Ajay Parasram

Ajay Parasram

Ajay Parasram is a multigenerational, transnational byproduct of British colonialism whose background connects South Asia, the Caribbean, and Turtle Island (North America). He teaches in the departments of International Development Studies and History and is cross-appointed in the department of Political Science. Ajay has a PhD in Political Science with specializations in International Relations, Comparative Politics, and Political Economy from Carleton University, and edited a grassroots newspaper while in Ottawa. His research coalesces around the problem of the “colonial present,” or the various ways colonial encounters continue to structure and limit the range of what seems possible. This has taken the form of researching, writing, and consulting on the subject of Canadian foreign, immigration and citizenship policy, race and racism, decolonization, as well as colonial/postcolonial state formation and development. Ajay has also worked as a federal public servant, and a researcher based at the Asia Pacific Foundation of Canada.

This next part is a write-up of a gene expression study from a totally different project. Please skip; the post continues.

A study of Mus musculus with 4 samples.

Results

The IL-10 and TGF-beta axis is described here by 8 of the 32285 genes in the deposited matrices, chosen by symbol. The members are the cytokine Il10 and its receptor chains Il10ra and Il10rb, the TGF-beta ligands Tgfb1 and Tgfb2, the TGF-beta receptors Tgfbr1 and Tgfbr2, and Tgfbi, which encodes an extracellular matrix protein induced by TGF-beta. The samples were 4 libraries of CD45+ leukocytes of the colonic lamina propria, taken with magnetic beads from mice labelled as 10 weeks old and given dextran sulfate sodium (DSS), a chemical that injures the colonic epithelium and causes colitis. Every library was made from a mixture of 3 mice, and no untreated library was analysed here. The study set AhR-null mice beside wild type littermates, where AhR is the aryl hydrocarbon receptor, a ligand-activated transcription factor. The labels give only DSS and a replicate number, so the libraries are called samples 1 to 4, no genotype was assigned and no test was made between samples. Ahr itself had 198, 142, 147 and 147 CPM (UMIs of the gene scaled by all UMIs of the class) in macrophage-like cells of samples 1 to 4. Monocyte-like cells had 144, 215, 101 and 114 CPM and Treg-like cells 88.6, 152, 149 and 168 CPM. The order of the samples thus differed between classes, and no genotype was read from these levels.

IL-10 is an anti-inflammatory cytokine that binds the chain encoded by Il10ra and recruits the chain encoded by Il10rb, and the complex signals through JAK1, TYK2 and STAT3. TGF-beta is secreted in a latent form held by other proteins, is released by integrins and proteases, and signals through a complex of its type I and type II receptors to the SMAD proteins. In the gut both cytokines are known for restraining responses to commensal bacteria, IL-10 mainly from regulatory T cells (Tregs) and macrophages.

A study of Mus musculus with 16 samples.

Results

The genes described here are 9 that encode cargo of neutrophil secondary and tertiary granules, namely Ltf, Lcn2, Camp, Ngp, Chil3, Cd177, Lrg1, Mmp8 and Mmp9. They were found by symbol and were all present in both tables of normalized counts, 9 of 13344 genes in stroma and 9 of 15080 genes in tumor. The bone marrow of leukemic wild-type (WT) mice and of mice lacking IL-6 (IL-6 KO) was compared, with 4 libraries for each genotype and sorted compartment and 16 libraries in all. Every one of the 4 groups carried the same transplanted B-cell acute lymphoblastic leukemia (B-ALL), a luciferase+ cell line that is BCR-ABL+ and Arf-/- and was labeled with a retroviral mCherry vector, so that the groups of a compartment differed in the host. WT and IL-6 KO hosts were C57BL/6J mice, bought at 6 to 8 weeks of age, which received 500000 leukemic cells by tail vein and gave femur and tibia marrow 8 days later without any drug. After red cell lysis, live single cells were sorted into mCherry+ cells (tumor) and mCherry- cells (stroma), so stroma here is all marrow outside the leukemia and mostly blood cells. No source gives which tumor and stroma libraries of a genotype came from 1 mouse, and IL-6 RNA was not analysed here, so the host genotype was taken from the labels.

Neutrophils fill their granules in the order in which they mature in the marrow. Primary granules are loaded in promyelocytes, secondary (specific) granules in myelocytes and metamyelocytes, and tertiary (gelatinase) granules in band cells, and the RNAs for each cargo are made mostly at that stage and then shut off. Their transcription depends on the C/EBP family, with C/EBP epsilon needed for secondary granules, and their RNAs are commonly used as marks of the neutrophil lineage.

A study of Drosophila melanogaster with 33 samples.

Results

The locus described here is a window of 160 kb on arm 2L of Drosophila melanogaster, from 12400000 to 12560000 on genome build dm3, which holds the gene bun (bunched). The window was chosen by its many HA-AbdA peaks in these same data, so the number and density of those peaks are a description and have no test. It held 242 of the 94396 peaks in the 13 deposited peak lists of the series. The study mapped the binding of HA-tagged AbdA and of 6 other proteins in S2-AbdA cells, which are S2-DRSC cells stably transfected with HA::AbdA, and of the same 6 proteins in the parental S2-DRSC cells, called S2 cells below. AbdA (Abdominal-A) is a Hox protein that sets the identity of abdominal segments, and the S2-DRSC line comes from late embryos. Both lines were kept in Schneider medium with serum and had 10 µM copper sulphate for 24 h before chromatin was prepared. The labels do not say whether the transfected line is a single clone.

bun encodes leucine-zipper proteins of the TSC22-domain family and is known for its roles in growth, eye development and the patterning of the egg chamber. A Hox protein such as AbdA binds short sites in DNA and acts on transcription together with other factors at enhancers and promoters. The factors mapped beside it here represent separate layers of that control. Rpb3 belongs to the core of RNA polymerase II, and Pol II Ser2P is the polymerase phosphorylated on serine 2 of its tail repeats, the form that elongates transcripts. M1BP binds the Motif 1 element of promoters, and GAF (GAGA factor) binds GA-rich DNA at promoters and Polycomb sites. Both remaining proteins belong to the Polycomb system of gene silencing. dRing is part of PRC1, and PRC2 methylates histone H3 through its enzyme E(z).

In his own words

Why does policy matter?

Policy has a structuring influence on how earthlings experience life. Effective public policy is long-term and transformative in nature. Ineffective public policy is short-term, driven by electoral cycles rather than connected to the developmental rhythms of communities and eco-systems. Policy is the network through which extraordinary human potential can be directed towards addressing our collective action failures, and for this reason ought to be at the forefront of everyone’s thinking.

What do you hope to accomplish during your time as a founding fellow?

I plan to bring a critical and diverse perspective to public policy debates. For example, given our First Past the Post system, what kinds of creative interventions might we roll out ahead of upcoming elections? I plan to work alongside underrepresented communities in the Halifax area to develop a policy document intended to help community members hold their elected officials to account by focusing on the experience, rather than rhetoric, of public policy.